Our Global Centre may be new, but UNDP’s ties with our host country Singapore began six decades ago—even before UNDP was officially formed. Singapore was a beneficiary of economic expertise provided by the United Nations Expanded Programme of Technical Assistance (EPTA), which eventually became the UNDP in 1965.
After 1959 Singapore sought advice from UN-EPTA to develop an economic plan for the nation. A team of advisers led by Dr Albert Winsemius visited Singapore in October 1960 and subsequently delivered a report with their recommendations.
Before UNDP became UNDP… The UNDP was officially established
in 1965 with the merging of two UN agencies.
United Nations Expanded Programme of Technical Assistance (EPTA)
United Nations Special Fund
Many of these recommendations, including the focus on labour-intensive manufacturing to reduce unemployment, directly informed Singapore’s economic policies in the crucial years after independence. Dr Winsemius also continued advising the Singapore government for over two decades, and played a major role in shaping economic and wage policies.
Since then, Singapore has enjoyed staggering economic and social successes. And in 2013, the tiny city-state went from became a benefactor of UNDP when Singapore became the host country for the Global Centre for Public Service Excellence (GCPSE).
From 2013 to 2018, the GCPSE championed public service excellence and offered insights and inspiration to countries around the world through research and publications, as well as workshops, dialogues and debates.
With the founding of the Global Centre of Technology, Innovation and Sustainable Development in 2019, another chapter in the story of UNDP in Singapore has begun.
These efforts have paid off tremendously. Many global giants have chosen to set up their regional headquarters in Singapore. And Singapore’s start-up scene has grown rapidly—the country has consistently topped regional rankings in the Global Innovation Index.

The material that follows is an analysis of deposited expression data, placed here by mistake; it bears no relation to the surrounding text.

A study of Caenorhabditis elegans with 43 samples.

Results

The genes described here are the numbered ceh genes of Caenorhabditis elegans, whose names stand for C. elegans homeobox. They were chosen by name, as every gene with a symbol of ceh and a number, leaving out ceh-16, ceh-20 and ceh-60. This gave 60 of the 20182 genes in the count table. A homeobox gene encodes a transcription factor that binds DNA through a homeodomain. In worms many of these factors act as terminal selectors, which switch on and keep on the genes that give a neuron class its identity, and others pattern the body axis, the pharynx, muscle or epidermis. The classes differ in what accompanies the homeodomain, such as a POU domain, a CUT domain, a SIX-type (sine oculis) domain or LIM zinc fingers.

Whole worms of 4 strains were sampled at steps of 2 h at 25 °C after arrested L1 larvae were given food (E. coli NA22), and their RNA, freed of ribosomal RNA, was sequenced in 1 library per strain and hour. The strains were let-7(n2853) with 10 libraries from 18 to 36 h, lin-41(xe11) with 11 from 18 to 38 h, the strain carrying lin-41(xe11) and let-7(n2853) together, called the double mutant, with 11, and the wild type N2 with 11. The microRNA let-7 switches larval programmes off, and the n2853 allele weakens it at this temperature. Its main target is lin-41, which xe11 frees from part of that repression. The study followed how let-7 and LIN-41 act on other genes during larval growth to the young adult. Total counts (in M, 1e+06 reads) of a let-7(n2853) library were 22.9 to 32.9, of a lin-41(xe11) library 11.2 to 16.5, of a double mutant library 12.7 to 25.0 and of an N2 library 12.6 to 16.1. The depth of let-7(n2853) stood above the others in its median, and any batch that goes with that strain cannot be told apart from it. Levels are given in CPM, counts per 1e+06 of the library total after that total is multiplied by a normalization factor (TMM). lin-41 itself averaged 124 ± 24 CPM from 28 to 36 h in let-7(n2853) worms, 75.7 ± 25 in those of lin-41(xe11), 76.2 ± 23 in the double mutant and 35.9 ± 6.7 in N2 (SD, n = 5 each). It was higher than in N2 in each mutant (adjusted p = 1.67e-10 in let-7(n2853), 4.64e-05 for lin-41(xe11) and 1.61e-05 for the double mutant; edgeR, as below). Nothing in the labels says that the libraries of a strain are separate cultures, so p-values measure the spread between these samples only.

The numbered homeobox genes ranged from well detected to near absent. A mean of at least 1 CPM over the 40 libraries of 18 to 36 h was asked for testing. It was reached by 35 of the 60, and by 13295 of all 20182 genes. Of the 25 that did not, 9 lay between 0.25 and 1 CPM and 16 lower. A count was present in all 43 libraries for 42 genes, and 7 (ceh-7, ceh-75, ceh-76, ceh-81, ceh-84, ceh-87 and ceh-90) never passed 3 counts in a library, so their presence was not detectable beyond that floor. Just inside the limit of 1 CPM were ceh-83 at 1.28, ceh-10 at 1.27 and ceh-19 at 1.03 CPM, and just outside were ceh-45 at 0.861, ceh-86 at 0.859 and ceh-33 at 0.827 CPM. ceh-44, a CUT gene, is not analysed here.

Crucially, Singapore combines these achievements with an acute appreciation of the challenges that plague our world today and the urgent response that is necessary. In Prime Minister Lee Hsien Loong’s 2019 National Day speech, he highlighted that, “Climate change may seem abstract and distant for many of us, but it is one of the gravest challenges facing humankind.”
While Singapore is a prime location for us, the work of the new Centre will also strengthen Singapore’s standing as Asia’s technology and knowledge capital. So much of Singapore’s incredible achievements in technology and innovation are very relevant to our partners in the developing world. And with this in mind, the Centre’s initial focus is on:
- Cities and digitalisation: There is an ongoing digital revolution and advancements in digital technologies are transforming the way we live, work, and govern ourselves. Smart cities use data and technology to create efficiencies, improve sustainability, create economic development, and enhance quality of life factors for people living and working in the city – and fundamentally, empower citizens. It also means that the city has a smarter energy infrastructure. Given the acceleration of urbanisation in the developing world, creating smart city/smart nation solutions for the new mega cities will be crucial for ‘leapfrogging’ development. Singapore has consistently ranked near or at the the top of the world’s smartest cities.
- Sustainable investing and financial inclusion: Singapore is already a global financial hub. And now Singapore is poised to become a world-leading hub for sustainable investment, with Temasek – Singapore’s sovereign wealth fund – signaling its support for sustainable investment, and many of the funds and commercial banks based in Singapore eager to move into this space. Temasek is on the Steering Group of UNDP’s SDG Impact Initiative, which provides tools to help measure and manage impact and sustainability in investments. The Monetary Authority of Singapore also supports the UN’s work on digital finance, and financial inclusion.
- Sustainable agriculture: The Future of Food and sustainable agriculture are top priorities for Singapore. In early 2019 Singapore unveiled its bold ‘30 by 30’ vision, a target for local producers to meet 30% of the nation’s nutritional needs by 2030. To achieve this ambitious goal, land-scarce Singapore will greatly accelerate research and development as well as investments into agritech, ranging from digital agriculture to plant proteins and cell-based meats. Already many of the world’s leading food and nutrition companies have their Asia-Pacific HQs in Singapore. The Government has made it clear it plans for Singapore to be a sustainable food hub.